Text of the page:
Fighting corruption in emerging Europe

Man giving money in envelope to businessman at table. Corruption concept

Emerging Europe speaks to Lidija Prokic and Altyinai Myrzabekova, regional coordinators for Europe and Central Asia at Transparency International, about the region’s most recent trends in the fight against corruption.

The latest edition of the Corruption Perceptions Index, published by Transparency International, paints something of a mixed picture for emerging Europe: while Estonia, Lithuania and Slovenia continue lead the regional ranking, only seven states from emerging Europe make it to the world’s 50 most transparent countries, with almost half of the region scoring lower than the global average.

Ukraine ranks as the most corrupt country in emerging Europe, and saw – according to Transparency International – a slowdown in its anti-corruption efforts in 2018 and the beginning of 2019. A new president, and a new government, installed last year, have made the fight against corruption a key part of their programme.

According to Altyinai Myrzabekova, the efforts of Ukraine’s new presidential administration and government will be reflected in the next Corruption Perceptions Index, and that there are encouraging signs, including the reboot of the National Agency for Corruption Prevention (NACP), increasing the powers of the National Anti-Corruption Bureau (NABU), restoring criminal liability for illicit enrichment and adopting a new law on public procurement.

“However, there have also been some questionable decisions such as abolishing the immunity of MPs on paper only,” she says, noting that there have also been attempts to concentrate more power in the hands of the president, Volodymyr Zelensky, and appoint friends and partners to positions on public bodies.

“All this has happened over the past three months, so it will take us another year to see the outcome of these changes,” she adds, arguing that despite recent political changes, political power remains concentrated in the hands of the president and his party, jeopardising the system of checks and balances.

Azerbaijan made some moderate improvements last year to its transparency score, which Ms Myrzabekova describes as the result of fighting against “petty corruption.” She argues that the country remains challenged by what she calls “grand corruption” and corruption in Azerbaijan’s political system where power is heavily concentrated in the hands of Ilham Aliyev, the country’s president.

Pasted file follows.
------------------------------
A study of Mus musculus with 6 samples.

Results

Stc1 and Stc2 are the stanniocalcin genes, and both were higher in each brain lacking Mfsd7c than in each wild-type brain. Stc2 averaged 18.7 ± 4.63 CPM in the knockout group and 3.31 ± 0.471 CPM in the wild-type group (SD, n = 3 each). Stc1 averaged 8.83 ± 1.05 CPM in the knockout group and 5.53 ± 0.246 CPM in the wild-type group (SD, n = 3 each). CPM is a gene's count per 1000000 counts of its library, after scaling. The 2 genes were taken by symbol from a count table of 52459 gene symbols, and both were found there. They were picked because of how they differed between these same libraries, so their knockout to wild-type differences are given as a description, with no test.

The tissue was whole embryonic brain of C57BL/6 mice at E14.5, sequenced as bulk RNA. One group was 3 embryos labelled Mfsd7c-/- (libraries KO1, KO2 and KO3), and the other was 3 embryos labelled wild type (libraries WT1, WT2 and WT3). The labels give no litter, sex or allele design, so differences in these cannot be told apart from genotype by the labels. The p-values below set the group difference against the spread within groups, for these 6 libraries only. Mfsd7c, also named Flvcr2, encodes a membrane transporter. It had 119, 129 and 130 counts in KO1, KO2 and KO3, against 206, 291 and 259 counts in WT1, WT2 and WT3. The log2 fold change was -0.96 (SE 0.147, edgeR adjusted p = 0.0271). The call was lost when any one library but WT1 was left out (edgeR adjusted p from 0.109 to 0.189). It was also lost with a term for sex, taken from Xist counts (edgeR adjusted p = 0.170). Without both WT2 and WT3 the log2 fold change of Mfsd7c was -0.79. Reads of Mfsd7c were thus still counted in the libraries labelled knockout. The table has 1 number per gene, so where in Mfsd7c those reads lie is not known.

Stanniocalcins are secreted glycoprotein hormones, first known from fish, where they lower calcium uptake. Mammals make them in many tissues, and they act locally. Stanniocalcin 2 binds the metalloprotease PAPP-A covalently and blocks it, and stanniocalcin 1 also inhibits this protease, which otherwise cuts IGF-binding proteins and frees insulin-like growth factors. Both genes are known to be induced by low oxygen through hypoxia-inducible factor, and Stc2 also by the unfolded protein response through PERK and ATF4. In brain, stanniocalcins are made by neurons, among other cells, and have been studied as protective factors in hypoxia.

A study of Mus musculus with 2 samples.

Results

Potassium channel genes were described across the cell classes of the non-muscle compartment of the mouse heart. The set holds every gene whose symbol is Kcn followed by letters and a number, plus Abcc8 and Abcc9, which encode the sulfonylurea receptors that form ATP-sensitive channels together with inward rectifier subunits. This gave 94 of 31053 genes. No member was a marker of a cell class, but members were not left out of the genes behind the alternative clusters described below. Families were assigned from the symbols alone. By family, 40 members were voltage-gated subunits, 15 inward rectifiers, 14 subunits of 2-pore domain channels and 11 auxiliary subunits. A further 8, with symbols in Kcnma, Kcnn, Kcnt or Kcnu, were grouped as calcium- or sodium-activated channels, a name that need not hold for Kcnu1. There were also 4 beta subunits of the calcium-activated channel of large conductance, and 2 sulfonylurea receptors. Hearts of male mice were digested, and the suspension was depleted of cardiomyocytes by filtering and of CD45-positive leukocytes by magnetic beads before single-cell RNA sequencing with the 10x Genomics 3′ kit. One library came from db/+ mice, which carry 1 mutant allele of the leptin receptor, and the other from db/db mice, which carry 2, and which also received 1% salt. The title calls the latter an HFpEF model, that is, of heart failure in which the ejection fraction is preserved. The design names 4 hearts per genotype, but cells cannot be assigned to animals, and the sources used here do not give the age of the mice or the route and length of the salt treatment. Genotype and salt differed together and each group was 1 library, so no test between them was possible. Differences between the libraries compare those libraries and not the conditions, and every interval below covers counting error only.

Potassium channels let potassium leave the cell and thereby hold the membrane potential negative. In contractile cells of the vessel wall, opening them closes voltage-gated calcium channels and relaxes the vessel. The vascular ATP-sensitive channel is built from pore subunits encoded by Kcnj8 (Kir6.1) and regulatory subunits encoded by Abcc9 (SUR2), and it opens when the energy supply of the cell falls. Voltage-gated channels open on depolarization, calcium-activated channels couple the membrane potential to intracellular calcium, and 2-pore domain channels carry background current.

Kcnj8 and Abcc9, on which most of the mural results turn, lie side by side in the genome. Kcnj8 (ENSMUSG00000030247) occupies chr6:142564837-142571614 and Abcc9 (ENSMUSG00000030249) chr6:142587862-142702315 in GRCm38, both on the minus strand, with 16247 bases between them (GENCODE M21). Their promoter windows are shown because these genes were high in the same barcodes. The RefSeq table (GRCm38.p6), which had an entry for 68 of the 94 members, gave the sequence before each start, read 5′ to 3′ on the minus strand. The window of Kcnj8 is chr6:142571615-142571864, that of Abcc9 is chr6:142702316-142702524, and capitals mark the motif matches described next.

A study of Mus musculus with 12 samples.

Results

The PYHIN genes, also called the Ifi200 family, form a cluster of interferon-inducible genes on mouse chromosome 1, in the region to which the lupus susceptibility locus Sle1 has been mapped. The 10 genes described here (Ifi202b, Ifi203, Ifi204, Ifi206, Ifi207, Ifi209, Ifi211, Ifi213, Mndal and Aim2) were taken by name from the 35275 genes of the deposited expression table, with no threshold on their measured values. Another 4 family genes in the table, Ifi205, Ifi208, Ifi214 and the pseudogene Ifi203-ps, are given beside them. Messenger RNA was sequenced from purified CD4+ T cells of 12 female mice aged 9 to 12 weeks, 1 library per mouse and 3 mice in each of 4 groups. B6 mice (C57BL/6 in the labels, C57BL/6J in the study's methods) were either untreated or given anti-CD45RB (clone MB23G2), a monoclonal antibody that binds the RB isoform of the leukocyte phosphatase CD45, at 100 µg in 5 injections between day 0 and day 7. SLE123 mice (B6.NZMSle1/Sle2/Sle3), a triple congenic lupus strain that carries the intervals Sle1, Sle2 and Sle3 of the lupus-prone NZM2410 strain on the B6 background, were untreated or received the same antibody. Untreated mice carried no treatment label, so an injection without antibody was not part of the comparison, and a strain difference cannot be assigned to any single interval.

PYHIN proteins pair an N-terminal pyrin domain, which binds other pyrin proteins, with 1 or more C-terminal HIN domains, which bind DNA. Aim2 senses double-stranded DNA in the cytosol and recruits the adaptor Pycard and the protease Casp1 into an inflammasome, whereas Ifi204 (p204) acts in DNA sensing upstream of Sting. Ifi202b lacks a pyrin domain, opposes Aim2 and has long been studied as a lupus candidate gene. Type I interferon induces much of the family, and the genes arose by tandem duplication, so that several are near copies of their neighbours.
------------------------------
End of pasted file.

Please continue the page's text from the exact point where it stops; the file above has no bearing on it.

Civil society has faced an extensive crackdown and the political opposition is subject to persecution.

“Whilst businesses might be experiencing fewer corruption challenges, state capture and the concentration of power in private hands remain the biggest impediments in fighting corruption in Azerbaijan,” she says.

Neighbouring Armenia has of late taken a completely different approach, and the country’s government led by prime minister Nikol Pashinyan is in the middle of a massive anti-corruption drive.

“This strategy takes a serious and systemic approach to formulating the anti-corruption policy of the country, more so than previous strategies,” she says, noting that this strategy includes, amongst much else, corruption prevention, detection, education and involving the public. To tackle corruption, the Armenian government has established a Corruption Prevention Commission and will establish a specialised anti-corruption law-enforcement body from 2022.

“At the same time, the strategy still lacks an effective and efficient monitoring and evaluation mechanism. This was also a crucial shortcoming of all previous three strategies [of the former governments],” adds Myrzabekova.

Belarus has maintained a stable increase in its Corruption Perception Index score since 2012, but nevertheless remains “one of the most authoritarian regimes” in the world. “Without access to data, the publication of all court orders or information about budget spending, and regulation of conflicts of interest, we cannot talk about positive changes,” Ms Myrzabekova says.

Other countries in the region do offer some hope, and provides examples of best practice that other emerging European countries could learn from.

Ms Prokic highlights Slovak and Czech mechanisms that ensure transparent contracting and political campaign financing.

“Government contracts have to be published online before they become valid and political parties must have open banking accounts for all types of elections where all donations and expenditures are made visible to the public,” she says, adding that publicly available registries of beneficial ownership such as that introduced in Slovakia can also be replicated as a way of addressing conflicts of interest.

Another positive example of fighting corruption comes from a region that by and large continues to score poorly: the Western Balkans.

“In North Macedonia, members of the State Commission for Prevention of Corruption are selected according to legally prescribed criteria, in a very transparent procedure with the participation of civil society and the media. This has contributed to commission’s integrity,” she concludes.